I’ve got a basket full of new music to unwrap on this week’s World Music Show (9/9). Ok, wait—that’s a lie. Really, every track on this week’s show was downloaded digitally. Is that redundant? Because when you download something doesn’t that imply “digitally”?
No matter how you slice it or splice it (see what I did there?), this week’s show is all about the new music—not my poor attempt at electronic puns. What does this mean for you? Well, nothing really—the sound quality will still be the same. But for me, I miss the struggle to wrestle open the shrink wrap off of new CDs (and really, I also like actually holding something tangible while reading over the liner notes and soaking everything in).
So buckle up or strap yourself in because there's no time to mess around.
Some of the highlights from our digital digging include new music from a Detroit-based, bilingual group called Jessica Hernandez & the Deltas. They recorded two—count them two—versions of the same CD called Telephone & Telefono, respectively. It’s their first release and on it, they fuse smoldering Latin grooves with styles like Goth Pop (didn’t know there was such a thing!), psychedelic surf music (again, had no clue), Dancehall and even Punk.
Hernandez, a second generation Cuban and Mexican-American, felt it was her duty to explore her Hispanic roots. So, after recording the first part in the U.S., she did the Spanish version in Mexico City.
Another newbie—at least for the World Music Show—is a track from a group called the Chicago Afrobeat Project. This group got together about 15 years ago while jamming with others in a loft in West Chicago. And, as a coup, they landed some help from the legendary drummer Tony Allen, who if you don’t remember, was one of the founders of Afrobeat, along with Fela Kuti.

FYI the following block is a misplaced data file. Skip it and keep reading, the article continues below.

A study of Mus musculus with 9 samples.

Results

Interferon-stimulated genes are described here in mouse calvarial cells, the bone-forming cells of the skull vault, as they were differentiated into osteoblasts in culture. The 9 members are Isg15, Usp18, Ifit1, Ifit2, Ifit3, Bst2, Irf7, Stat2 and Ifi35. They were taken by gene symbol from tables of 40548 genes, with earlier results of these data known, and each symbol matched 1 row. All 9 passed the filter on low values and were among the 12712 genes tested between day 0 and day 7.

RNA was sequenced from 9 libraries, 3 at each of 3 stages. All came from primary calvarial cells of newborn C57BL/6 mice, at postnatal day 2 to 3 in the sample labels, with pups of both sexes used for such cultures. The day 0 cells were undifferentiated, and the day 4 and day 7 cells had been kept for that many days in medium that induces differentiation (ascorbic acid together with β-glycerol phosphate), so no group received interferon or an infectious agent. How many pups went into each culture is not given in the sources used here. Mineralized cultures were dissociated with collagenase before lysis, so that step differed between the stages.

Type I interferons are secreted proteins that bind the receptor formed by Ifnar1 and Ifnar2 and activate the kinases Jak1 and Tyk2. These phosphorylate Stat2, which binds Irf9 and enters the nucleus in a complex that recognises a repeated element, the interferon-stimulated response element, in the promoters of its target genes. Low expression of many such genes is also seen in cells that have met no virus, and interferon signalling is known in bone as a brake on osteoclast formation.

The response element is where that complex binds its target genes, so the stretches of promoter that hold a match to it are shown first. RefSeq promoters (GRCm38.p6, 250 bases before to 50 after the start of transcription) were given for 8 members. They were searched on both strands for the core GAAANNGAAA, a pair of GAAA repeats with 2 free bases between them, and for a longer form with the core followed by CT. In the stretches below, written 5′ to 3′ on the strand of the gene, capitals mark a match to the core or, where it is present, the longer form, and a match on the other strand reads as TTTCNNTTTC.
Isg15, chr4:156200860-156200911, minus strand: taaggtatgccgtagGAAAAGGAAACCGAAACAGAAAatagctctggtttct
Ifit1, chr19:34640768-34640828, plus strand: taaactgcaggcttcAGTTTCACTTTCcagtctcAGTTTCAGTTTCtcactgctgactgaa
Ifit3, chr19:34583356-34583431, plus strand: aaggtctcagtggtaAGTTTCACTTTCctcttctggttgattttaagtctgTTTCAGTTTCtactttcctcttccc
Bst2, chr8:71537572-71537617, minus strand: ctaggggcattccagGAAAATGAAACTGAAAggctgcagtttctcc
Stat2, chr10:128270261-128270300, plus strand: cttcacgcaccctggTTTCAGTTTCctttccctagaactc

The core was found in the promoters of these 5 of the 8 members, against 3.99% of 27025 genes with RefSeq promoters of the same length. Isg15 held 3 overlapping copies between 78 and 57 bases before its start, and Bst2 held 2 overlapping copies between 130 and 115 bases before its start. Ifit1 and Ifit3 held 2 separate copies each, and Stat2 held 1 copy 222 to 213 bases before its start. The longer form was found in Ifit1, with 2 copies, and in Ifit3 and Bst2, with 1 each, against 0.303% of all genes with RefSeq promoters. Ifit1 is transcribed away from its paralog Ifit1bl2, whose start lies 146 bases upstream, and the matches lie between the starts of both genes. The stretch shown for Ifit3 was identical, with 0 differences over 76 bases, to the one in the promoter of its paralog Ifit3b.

And speaking of Afrobeat. The 12-piece Afrofunk outfit known as Chopteeth also seem to channel Fela Kuti. On their latest CD, called Bone Reader, this DC-based band brings the funk. They’ve performed all over the place, including a spot at the cast party for HBO’s “The Wire.”
Transitioning from Afrobeat back to Latin Rock N Roll, I’m excited to have you hear the couple of tracks I picked from the Latina band Ladama. They’re global group from Venezuela, Brazil, Columbia, and the U.S. and they combine Spanish, Portuguese and English in their songs. They also combine traditional sounds with a modern pop edge. Their songs are just to fun to hear, full of eager energy. Though, we’ll hear the songs “Cumbia Brasilieria” and “Elo,” check out their video to this song “Porro Maracatu,” which I found on TheFader.
Think I’m done with the newness? Nope, not by a long shot. I’m so excited that one of my favorite DJs from the 90s, Alex Jimenez, aka Ursula 1000 is releasing a new CD. It’s a throwback to 80s music—hence the name Galleria (perhaps?). We’ll hear the song “We Go High.”
In one of the last throws of really, truly brand new music (as in I hadn’t heard it before), we’ll check out a track from the U.S. band Making Movies. They weave Afro-Latino rhythms with psychedelic rock riffs. At times the front man Enrique Chi trades his electric guitar for a folkloric Panamanian Mejorana. They’re motto is “We’re all Immigrants.”
Now, the rest of the show still features new music—and digital too. But it’s from musicians I’ve been featuring already. However, is that a cause to frown? Nope, we’ll hear some new tracks from people such as: Juana Molina, Arian Saleh, Lila Downs and Skye & Ross.
Plus, we’ll check out songs from bands like Compass (the Mexican Institute of Sound), Afrosonics, Kokolo, I Speak Fula, Los Fabulosos and Cafe Tacvba, as well as La Vida Bohme, and Janka & the Bubu Gang.
I’m sure I’ve missed some of the digital goodness in this blog, which means you’ll just have to tune in this Saturday from 8:00-10:00 p.m. on 88.9 WCVE Richmond Public Radio. You can also stream the show online via this website—in which you can also view track listings as I’m playing them. And, for fun, follow the show on Facebook at The World Music Show on WCVE and on Twitter @wcveworldmusic.